Page xii - Some bright idea of the master's mind, Where a new world leaps out at his command, And ready nature waits upon his hand : When the ripe colours soften and unite, And sweetly melt into just shade and light ; When mellowing years their full perfection give, And each bold figure just begins to live...
Page 31 - Warr'd on by cranes : though all the giant brood Of Phlegra with the heroic race were join'd That fought at Thebes and Ilium, on each side Mix'd with auxiliar gods ; and what resounds In fable or romance of Uther's...
Page 141 - Pelops' line, Or the tale of Troy divine, Or what (though rare) of later age Ennobled hath the buskined stage. But, O sad Virgin, that thy power Might raise Musaeus from his bower ; Or bid the soul of Orpheus sing Such notes as, warbled to the string, Drew iron tears down Pluto's cheek, And made Hell grant what love did seek...
Page 153 - I took as much delight in reading as you do ; it would be the means of alleviating many tedious hours in my present retirement. But, to my misfortune, I derive no pleasure from such pursuits.
Page 132 - Eftsoones they heard a most melodious sound, Of all that mote delight a dainty ear, Such as at once might not on living ground, Save in this paradise, be heard elsewhere : Right hard it was for wight which did it hear To read what manner music that mote be; For all that pleasing is to living ear Was there consorted in one harmony; Birds, voices, instruments, winds, waters, all agree.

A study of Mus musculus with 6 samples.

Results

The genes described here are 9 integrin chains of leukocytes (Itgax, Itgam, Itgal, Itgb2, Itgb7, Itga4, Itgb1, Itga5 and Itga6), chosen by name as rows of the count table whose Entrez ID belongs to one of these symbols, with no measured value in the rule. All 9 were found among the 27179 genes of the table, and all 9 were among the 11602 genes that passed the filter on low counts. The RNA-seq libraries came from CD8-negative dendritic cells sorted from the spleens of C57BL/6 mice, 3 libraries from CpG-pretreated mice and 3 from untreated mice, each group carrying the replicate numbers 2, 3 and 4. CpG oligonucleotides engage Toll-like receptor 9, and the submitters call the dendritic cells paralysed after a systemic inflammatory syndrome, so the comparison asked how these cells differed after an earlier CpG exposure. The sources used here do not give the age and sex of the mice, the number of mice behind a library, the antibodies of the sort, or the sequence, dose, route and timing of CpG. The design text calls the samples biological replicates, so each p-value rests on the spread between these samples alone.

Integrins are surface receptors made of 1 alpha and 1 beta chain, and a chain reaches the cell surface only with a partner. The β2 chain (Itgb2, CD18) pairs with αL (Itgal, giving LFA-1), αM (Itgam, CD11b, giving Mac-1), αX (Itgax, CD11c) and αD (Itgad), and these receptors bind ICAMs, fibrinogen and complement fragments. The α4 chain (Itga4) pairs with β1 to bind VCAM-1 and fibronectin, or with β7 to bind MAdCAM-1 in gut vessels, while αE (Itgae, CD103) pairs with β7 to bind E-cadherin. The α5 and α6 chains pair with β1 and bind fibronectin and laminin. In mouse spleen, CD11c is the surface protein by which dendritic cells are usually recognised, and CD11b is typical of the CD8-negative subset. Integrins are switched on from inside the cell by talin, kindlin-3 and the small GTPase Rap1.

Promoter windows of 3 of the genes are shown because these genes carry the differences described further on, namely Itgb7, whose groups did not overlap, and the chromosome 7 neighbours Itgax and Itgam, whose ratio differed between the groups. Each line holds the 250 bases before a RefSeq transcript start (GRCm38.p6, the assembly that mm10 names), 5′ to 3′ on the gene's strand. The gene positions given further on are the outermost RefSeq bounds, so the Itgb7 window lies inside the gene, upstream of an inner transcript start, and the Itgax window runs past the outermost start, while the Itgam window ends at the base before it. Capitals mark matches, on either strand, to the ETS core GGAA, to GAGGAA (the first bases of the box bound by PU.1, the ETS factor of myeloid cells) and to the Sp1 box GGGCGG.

Page 230 - Paint me an angel, with wings and a trumpet, to trumpet my name over the world.
Page 104 - For gain, not glory, wing'd his roving flight, And grew immortal in his own despite.
Page 131 - And ever-drizling raine upon the loft, Mixt with a murmuring winde, much like the sowne Of swarming bees, did cast him in a swowne : No other noyse, nor peoples troublous cryes, As still are wont t' annoy the walled towne, Might there be heard: but carelesse Quiet lyes, Wrapt in eternall silence farre from enimyes.
Page xv - So that if the invention of the ship was thought so noble, which carrieth riches and commodities from place to place, and consociateth the most remote regions in participation of their fruits, how much more are letters to be magnified, which as ships pass through the vast seas of time, and make ages so distant to participate of the wisdom, illuminations, and inventions, the one of the other?